Parenting is the most contradictory and confusing subject of discussion. Each parent has their own opinion about it. Yet, there are clearly two groups of parents, which always argue with each other: yes-parents versus no-parents (or permissive versus authoritarian). They argue about the degree of external freedom allowed to children. But arguments continue even within each group because of the many other facets of the child-parent relationship. Some parents are confused by the different levels of extremes inside their own group and try to derive common sense by combining both theories. We would like to describe two other types of parents, who differ by their attitude toward children.
Children are interesting to parents of the first type. We will call these parents detny parents. When giving an apple to a child a detny parent would enjoy watching the child eat the apple.
All other parents look at children as objects for teaching. When giving an apple to a child such parents would watch to make sure the child says thank you. When meeting a school boy the only thing such parents would ask is “How are your grades?” (What else is there to talk about?) Detny parents, on the other hand, find plenty of topics to talk about to children, therefore they can talk to them for hours and never get bored.
Detny parents don’t consider themselves perfect. So they don’t expect children to be perfect either. Detny parents admit that they make mistakes. And they let children make their mistakes as well. They also don’t try to convince anyone that they are always right.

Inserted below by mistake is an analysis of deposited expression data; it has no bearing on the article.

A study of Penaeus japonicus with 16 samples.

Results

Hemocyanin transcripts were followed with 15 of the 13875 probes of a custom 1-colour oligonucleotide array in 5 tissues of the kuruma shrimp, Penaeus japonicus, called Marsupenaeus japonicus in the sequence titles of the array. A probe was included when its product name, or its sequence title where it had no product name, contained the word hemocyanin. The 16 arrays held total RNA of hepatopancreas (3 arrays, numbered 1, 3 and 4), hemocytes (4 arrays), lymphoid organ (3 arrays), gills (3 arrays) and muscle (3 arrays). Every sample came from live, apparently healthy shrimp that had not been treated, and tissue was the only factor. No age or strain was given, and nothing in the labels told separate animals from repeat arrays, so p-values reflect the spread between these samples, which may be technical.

Not detny parents are concerned about their rightousness and are defensive when children address these parents weaknesses. Parents perceive this as an attack to their authority and a power struglle ensues. Parents are afraid of losing control over the children and eventually this leads to fear of children. Detny parents, on the other hand, are not afraid of children, because there is no reason for power struggles.
Detny parents don’t blame children. They also don’t blame anybody else for their life’s misfortunes; they are responsible for their own lives. However, they don’t expect children to be responsible for children’s lives, because children are still children. And children eventually learn about responsibility from these parents.
These ideas are taken from Simon Soloveychik’s book Parenting For Everyone.